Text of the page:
Upfront News and Views: USA Makes a Major Play for Millennials


Venue: The Rainbow Room high atop 30 Rockerfeller Plaza. As shiny, sparkling, elegant and exquisite a place to dine or dance as ever, thanks to the completion of a recent multi-year renovation. Making this breakfast connection of network executives with journalists more notable: every table had at least one celebrity and series showrunner. My table had Carlton Cuse, perhaps the most prolific executive producer of cable network drama at the moment, and “Colony” star Josh Holloway. Grade: 4.5 Jacks

Presentation: Admirably short and pointed. The network is taking a dramatic turn into scripted programming, focusing on stories in which people find themselves up against extraordinary circumstances, often not of their own choosing. This should appeal to Millennials who've demonstrated a big appetite for complex plots and characters, explained USA President Chris McCumber. "There's a major demographic change underway," he added, "and this demographic tells us they want to see unexpected, complicated heroes who defy the odds and come out (victorious) on the other side.” When the focus was not on scripted programming it was on expanded offerings from World Wrestling Entertainment: A reboot this summer (starting June 23) of “Tough Enough,” the unscripted search for new grapplers, with some segments live, and the move of “Smackdown” from NBC Universal sister net Syfy to USA next winter. A short Q&A session at the end would have given McCumber time to elaborate on all of this. That didn't happen, leaving reporters to find USA executives and talent for answers -- if they could stick around. Grade: 3.5 Jacks

News: At least four new scripted series will be offered this year – medical drama “Complications” (starting June 18), hacker drama “Mr. Robot” (June 24), family thriller “Colony” and advertising satire “Donny,” with media legend Donny Deutsch playing himself and real product pitches weaved into the plots (this fall). Female buddy sitcom “Playing House” will be back in August, experimenting with episodes playing on video-on-demand a week ahead of their USA debut. The pilot trio of “Queen of the South” (adapted from the Telemundo telenovela), “Shooter” and “Falling Water” remain under consideration for series, and development is underway on 13 additional projects, with such talent as Charlize Theron, Rob Reiner and “Twilight” director Catherine Hardwicke involved behind the scenes. There's a pair of proposed “Chrisley Knows Best” spinoffs in the works (including a Todd Chrisley late-night talk show), a limited series titled “The Recessionistas” (Wall Street after the 2008 financial crisis) and an unscripted effort from Dwayne "The Rock" Johnson (his second cable net development deal in two months, the first with Spike TV). Grade: 4.5 Jacks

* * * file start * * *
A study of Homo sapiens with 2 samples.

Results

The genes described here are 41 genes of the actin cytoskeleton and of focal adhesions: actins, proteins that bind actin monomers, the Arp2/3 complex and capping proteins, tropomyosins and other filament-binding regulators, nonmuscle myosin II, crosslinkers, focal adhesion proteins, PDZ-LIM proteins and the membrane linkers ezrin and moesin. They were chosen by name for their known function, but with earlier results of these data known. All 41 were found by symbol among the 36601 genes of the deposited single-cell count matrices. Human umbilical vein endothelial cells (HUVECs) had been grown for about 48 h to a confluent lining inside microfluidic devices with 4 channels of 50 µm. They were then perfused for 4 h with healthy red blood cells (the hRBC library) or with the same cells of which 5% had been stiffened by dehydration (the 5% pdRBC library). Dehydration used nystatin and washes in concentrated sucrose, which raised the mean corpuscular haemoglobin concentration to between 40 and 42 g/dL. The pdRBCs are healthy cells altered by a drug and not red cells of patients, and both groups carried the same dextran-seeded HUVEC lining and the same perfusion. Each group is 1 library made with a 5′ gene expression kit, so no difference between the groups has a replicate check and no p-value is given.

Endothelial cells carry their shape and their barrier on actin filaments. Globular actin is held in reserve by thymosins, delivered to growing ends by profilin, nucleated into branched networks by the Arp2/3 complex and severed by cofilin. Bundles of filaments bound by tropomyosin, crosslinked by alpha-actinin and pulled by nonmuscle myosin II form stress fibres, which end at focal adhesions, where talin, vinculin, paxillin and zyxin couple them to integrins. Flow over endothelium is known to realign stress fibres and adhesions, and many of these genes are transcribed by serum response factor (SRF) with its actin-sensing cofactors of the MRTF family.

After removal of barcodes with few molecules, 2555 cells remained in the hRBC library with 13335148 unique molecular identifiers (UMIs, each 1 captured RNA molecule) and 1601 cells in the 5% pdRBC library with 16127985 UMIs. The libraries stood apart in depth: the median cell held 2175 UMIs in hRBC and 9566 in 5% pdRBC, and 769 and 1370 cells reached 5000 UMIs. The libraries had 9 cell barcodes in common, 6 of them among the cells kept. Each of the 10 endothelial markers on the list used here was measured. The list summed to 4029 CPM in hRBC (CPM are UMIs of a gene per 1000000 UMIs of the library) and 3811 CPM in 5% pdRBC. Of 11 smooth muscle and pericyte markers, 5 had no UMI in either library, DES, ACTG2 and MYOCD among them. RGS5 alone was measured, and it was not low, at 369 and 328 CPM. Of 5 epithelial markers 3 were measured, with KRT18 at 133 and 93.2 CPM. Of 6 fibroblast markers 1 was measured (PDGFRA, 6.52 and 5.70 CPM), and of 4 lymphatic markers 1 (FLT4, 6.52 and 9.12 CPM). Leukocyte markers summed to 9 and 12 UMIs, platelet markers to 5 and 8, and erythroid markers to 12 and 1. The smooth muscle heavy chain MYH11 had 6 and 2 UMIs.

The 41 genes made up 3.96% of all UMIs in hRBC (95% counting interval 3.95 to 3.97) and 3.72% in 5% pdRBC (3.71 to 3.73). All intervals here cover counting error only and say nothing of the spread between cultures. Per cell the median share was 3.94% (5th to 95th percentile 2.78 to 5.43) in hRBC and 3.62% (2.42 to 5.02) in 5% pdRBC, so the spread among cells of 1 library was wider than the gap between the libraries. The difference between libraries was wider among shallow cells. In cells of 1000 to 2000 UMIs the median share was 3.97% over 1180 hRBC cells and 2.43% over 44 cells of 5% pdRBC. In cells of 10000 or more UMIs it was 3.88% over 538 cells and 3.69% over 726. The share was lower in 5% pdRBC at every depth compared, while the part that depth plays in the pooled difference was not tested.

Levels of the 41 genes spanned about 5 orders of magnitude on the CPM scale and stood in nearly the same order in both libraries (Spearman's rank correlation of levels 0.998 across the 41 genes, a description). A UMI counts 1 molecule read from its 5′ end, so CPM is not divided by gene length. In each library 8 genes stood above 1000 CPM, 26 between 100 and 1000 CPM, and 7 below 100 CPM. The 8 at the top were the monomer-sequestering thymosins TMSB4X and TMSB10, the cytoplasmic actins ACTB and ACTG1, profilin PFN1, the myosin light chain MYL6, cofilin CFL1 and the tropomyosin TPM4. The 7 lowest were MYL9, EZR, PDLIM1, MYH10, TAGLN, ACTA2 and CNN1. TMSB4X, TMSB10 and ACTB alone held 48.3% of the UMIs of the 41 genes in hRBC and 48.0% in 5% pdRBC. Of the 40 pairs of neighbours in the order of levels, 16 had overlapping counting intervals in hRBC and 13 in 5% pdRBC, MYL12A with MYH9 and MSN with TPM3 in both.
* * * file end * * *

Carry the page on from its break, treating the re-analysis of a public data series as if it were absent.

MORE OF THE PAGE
Host: Pleasant turn from McCumber, with a video clip to match every talking point. Grade: 3 Jacks

Overall Grade: 3.5 Jacks Winning combination of space, celebrity talent on hand and focus on the network's big play for Millennials. Had USA thrown in some Q&A time the grade would easily be 4 Jacks or better.

The Jacks scale:

 

5 Jacks -- Excellent
4 Jacks -- Very Good
3 Jacks -- Good
2 Jacks -- Fair
1 Jack -- Poor
0 Jacks -- Worse than bad

Next up: Pop (formerly TVGN/TV Guide Network)

A quick observation from the passing parade:

True, overall ratings for “American Crime,” ABC's groundbreaking Thursday night drama from Oscar-winning writer/director John Ridley, have slipped since launching five weeks ago. However, the latest Nielsen ratings earlier this week show “Crime” in second place among African-Americans for all broadcast primetime (behind only “Scandal”) and getting solid viewership among Latinos. That, plus solid general audience DVR numbers, should work in its favor. “Crime” is at the halfway point and ABC will make the call on its continuation next month. This is ABC's best series since “NYPD Blue” and deserves every shot for success. It's not too late to jump in and make it must-see TV.

Until the next time, stay well and stay tuned!